Contenders find Antelope Island a picturesque setting for cycling race

May 4 2013 - 5:14pm

A cycling team participates in time trials on Antelope Island at the USA Cycling Collegiate Road National Championships on Friday.  (BENJAMIN ZACK/Standard-Examiner)
Riders from the Stanford men’s road team speed into the finish line during the time trials on Antelope Island at the USA Cycling Collegiate Road National Championships on Friday. (BENJAMIN ZACK/Standard-Examiner)
A cycling team participates in time trials on Antelope Island at the USA Cycling Collegiate Road National Championships on Friday.  (BENJAMIN ZACK/Standard-Examiner)

ANTELOPE ISLAND -- Among the racers talking about their experience on the first day of the USA Cycling Collegiate Road National Championships, one superlative kept popping up.

Beautiful.

Friday's time trial races at Antelope Island featured sunny skies, ideal temperatures in the low 60s, and plenty of praise for the 21-mile course along the east side of the island.

"The mountains and the weather -- it's just so beautiful," said Travis Monroe, an 18-year-old freshman from Lindsey Wilson College in Columbia, Ky. "Kentucky is nice too, but it's a different kind of beauty."

It was an ideal setting for the first stage of college road cycling's biggest event, said Tony Leko, National Events Director for USA Cycling.

"We were here on the same weekend last year, but it was a little chilly," Leko said. "The conditions are perfect today. We couldn't ask for more."

For all three days of the event, he said there are more than 400 registered racers from about 100 schools nationwide.

Things kicked off Friday with team time trials, in which teammates ride together and take turns at the front of the formation. In the Division I races, both the men's and women's teams from perennial powerhouse Marian University took first place.

The Lindsey Wilson men came in at 13th place, beating out larger schools like UC-Davis, the University of Arizona, and Utah State University, which placed 16th out of 19 teams.

"It went pretty well. There are some super strong teams here," Monroe said. "With the team event, it's so important to be fluid and smooth out there. It's all about conserving energy."

In the Division II team trials, the Duke University men and the Massachusetts Institute of Technology women came out on top.

While the team trials were the only event at Antelope Island last year, this year also featured individual trials. Monroe was the only one on his team who competed in both races, placing 23rd among the Division I men in the individual category.

"I was kind of hurting from the first one, but it turned out great," he said, noting that a highlight for him was seeing some of the island's resident bison.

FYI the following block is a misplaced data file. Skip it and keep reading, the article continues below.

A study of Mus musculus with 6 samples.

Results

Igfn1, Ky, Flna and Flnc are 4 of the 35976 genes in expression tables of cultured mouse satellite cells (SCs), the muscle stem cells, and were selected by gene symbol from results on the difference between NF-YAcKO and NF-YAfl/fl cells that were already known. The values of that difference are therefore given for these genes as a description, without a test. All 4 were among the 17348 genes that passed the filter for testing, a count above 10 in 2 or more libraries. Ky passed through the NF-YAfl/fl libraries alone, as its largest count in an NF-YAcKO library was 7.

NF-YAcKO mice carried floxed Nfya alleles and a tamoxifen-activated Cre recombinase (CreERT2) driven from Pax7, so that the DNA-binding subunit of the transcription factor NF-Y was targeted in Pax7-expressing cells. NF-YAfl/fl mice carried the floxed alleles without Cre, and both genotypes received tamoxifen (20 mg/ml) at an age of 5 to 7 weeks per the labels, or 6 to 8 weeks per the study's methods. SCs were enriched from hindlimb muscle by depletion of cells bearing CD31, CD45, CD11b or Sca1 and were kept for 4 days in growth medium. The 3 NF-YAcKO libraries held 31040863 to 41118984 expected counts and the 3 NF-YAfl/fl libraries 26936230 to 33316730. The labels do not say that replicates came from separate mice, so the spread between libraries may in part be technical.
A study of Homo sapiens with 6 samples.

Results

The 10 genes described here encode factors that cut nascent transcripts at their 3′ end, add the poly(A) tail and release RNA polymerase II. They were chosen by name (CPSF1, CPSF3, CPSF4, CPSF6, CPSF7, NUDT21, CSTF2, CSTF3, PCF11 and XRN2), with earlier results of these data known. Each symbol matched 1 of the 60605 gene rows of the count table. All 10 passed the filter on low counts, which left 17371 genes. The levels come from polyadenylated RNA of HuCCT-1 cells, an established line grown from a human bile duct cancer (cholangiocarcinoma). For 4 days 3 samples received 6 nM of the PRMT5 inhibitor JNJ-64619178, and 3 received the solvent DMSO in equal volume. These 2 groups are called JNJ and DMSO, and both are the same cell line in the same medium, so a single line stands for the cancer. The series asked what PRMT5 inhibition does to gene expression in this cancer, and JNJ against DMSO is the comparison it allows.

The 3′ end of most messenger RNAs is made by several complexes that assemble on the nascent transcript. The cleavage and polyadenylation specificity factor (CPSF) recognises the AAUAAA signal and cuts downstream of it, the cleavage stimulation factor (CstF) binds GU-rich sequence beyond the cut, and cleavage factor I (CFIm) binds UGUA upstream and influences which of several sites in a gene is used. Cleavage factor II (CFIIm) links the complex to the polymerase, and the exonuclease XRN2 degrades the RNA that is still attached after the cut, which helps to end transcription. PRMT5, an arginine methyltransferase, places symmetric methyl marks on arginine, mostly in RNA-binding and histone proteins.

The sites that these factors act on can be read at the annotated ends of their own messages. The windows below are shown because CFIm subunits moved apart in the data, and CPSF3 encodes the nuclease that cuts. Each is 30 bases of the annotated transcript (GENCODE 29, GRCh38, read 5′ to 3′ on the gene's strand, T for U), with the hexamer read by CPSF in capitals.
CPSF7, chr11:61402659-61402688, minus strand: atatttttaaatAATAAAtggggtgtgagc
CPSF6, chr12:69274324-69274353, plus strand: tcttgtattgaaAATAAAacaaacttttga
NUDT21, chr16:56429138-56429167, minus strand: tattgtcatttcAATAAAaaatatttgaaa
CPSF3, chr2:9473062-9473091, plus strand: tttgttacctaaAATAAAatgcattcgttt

"I got pretty close to one. A course official honked at it to get it to move," he said.

Madeleine Pape, a native of Australia and a graduate student at the University of Wisconsin, had high praise for the course. She placed seventh among the Division I women.

"It's really nice," Pape said. "It's tough. The hills are a good test."

While some specialize in one type of race, Pape said she will also compete in Saturday's criterium race and Sunday's road race. She and many others who arrived earlier in the week have already made a test run on the road course.

Individual winners included Spencer Oswald of Lees-McRae College and Jessica Prinner of Midwestern State University in Division I, and Michael Burleigh of the University of Denver and Jasmine Hansen of the U.S. Military Academy in Division II.

The University of Utah's Mitchell Peterson had the best showing of anyone from a Utah school, finishing third in the Division I race. Other Friday competitors from Utah schools included Nathan Asay of Southern Utah University, who placed 12th in the Division II race, and Utah Valley University's Teal Buchi, who took 21st among Division I competitors.

Dillon Caldwell of the University of Oregon, who took second place among Division I men, said the roles are reversed in the collegiate cycling world when it comes to well-known athletic schools like Oregon and smaller colleges that excel in cycling, but in many cases don't even field teams in more popular sports like football.

"It's interesting, trying to compete with the big boys like Marian and Fort Lewis," Caldwell said.

The only minor complaint among some competitors on Friday were the swarms of brine flies common to the island this time of year.

"They're all over," Monroe said. "I kept scratching my head."